Should I hire a search service to find prior art used to invalidate claims in an Inter Partes Review (IPR)?
About the Author: Mr. Sheerin is a California licensed patent attorney having represented clients accused of patent infringement in Federal District Court as well as through Inter Partes Review (IPR) at the US Patent Office. A few of Mr. Sheerin's recent results may be viewed here:
Searching for prior art (patents and printed publications) to support an IPR petition is the most important part of the entire IPR process. The prior art search should be around 90% of the work involved regardless as to which law firm you hire. The IPR petition is literally as strong as the prior art you assert with the legal arguments of invalidity being almost superfluous. The PTAB judges deciding the IPR petition will consist of extremely experienced patent examiners, typically more experienced than the original patent examiner who examined the patent at issue. Although the legal argument supporting the petition can help, the PTAB judges will need little persuasion if the prior art is on point, particularly when the prior art clearly anticipates at least one claim.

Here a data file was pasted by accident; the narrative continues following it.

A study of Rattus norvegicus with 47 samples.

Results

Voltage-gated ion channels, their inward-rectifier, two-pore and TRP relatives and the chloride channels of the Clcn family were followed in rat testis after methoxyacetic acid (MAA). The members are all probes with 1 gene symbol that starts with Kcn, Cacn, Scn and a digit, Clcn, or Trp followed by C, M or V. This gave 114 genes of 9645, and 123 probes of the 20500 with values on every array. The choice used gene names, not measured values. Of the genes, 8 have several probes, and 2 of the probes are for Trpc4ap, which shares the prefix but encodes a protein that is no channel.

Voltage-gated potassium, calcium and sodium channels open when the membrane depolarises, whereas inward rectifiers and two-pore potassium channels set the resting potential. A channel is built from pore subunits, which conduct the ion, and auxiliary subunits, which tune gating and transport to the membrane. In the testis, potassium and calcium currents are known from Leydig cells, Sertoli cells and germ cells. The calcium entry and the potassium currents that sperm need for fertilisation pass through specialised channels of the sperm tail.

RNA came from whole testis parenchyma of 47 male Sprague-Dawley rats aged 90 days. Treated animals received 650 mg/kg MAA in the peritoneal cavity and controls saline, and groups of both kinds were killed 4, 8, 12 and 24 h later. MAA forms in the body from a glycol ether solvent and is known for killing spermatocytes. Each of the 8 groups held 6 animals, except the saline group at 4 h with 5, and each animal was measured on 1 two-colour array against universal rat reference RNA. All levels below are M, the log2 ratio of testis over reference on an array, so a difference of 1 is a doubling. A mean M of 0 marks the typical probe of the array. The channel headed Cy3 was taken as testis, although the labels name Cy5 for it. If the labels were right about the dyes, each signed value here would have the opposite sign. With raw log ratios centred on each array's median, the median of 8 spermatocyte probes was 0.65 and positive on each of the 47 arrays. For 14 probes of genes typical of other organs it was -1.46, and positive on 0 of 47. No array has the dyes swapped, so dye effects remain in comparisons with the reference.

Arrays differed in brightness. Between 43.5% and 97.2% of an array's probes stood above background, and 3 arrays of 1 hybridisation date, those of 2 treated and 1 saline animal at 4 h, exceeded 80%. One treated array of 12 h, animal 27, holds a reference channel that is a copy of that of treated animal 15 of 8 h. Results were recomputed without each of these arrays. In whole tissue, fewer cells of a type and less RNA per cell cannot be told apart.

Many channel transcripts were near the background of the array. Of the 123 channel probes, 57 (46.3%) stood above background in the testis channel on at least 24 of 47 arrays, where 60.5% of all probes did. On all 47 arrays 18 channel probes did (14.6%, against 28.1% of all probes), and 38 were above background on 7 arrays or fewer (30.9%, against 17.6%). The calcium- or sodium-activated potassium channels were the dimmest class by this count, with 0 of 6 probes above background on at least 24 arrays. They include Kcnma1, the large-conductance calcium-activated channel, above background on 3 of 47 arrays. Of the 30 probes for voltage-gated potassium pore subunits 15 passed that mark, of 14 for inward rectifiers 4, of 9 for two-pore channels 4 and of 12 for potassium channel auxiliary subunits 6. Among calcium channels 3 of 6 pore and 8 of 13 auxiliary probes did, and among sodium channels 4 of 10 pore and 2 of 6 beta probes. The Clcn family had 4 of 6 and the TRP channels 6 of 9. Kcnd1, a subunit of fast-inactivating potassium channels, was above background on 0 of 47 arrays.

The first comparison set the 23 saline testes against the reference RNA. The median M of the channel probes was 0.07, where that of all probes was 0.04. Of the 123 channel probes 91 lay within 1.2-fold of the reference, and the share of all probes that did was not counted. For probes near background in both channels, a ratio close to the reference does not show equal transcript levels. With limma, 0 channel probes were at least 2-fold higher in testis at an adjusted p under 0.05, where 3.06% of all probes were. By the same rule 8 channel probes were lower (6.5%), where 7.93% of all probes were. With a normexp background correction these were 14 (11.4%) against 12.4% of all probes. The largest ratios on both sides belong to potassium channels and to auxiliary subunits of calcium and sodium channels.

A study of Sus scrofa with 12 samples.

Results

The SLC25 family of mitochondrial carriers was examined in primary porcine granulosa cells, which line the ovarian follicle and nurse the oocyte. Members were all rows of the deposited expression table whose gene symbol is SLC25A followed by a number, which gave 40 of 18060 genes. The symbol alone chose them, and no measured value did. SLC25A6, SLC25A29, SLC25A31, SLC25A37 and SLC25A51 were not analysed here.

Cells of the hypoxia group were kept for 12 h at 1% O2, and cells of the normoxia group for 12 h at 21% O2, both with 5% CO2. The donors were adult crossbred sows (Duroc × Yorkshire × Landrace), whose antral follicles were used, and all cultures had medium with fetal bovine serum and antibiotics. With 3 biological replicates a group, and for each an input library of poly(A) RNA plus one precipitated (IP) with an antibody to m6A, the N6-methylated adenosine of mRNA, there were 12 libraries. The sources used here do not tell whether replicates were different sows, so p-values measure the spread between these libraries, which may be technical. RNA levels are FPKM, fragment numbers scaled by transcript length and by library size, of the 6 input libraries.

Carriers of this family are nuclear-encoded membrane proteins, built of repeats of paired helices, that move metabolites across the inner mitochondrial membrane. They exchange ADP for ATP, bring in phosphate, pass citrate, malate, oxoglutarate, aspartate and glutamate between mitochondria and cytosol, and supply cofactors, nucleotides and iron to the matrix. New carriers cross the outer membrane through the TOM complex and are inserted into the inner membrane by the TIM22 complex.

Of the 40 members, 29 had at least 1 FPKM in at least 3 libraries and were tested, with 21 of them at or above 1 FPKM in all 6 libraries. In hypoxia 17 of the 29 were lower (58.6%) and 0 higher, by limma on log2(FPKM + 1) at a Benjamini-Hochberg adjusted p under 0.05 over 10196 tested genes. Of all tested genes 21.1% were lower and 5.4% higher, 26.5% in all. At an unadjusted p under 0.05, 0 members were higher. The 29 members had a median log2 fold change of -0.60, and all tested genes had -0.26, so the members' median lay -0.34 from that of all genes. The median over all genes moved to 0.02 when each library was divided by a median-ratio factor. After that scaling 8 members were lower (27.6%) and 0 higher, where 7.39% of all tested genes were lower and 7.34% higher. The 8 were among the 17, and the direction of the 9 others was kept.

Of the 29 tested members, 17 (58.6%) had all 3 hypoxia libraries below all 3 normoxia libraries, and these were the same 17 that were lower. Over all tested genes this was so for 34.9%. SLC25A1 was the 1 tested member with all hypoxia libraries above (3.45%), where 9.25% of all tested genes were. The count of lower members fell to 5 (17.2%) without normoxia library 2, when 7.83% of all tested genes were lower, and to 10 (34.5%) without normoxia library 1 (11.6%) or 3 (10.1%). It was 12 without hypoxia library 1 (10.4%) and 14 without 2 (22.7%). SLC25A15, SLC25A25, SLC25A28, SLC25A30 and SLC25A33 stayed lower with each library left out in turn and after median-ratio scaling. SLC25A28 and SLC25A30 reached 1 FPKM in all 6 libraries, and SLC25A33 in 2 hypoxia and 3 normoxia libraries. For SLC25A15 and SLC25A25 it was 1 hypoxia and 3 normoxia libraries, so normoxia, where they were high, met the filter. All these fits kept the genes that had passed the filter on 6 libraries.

One of the most important skills needed to be an excellent patent attorney is the ability to understand the invention and the claims so as to enable a competent prior art search. Search services typically use engineers to perform prior art searches which, in my opinion, is almost completely worthless. Whether it's a lack of technical competence or a lack of legal training in patent law, search services in my experience are extremely inept at finding prior art. One of my large corporate clients used a search service to search prior art for each invention disclosure they sought to patent (I drafted over 600 such patent applications for this client). Each time they assigned me a new invention disclosure, they included the search report from the search service. Each time I would scan the search report to see if they found any relevant prior art, and almost every time the prior art cited was not even close. I would then perform my own prior art search and invariably find all of the relevant prior art which was almost never cited in the search report. A few times my corporate client abandoned the patent application in view of the strength of the prior art I discovered. But most of the time we agreed on certain aspects that were still patentable over the prior art (and I drafted the claims accordingly). The point is that in almost every single instance (and there were hundreds), the search report was a complete waste of time and money. If an engineer understood how to search prior art, they would already be a patent attorney as this is one of the most important skills honed by the best patent attorneys. Understanding an invention and having the ability to find the relevant prior art is 90% of what good patent attorneys do. Whether a patent attorney is prosecuting a patent application with a patent examiner, or filing an IPR petition, being able to find and understand the relevant prior art is the key to success.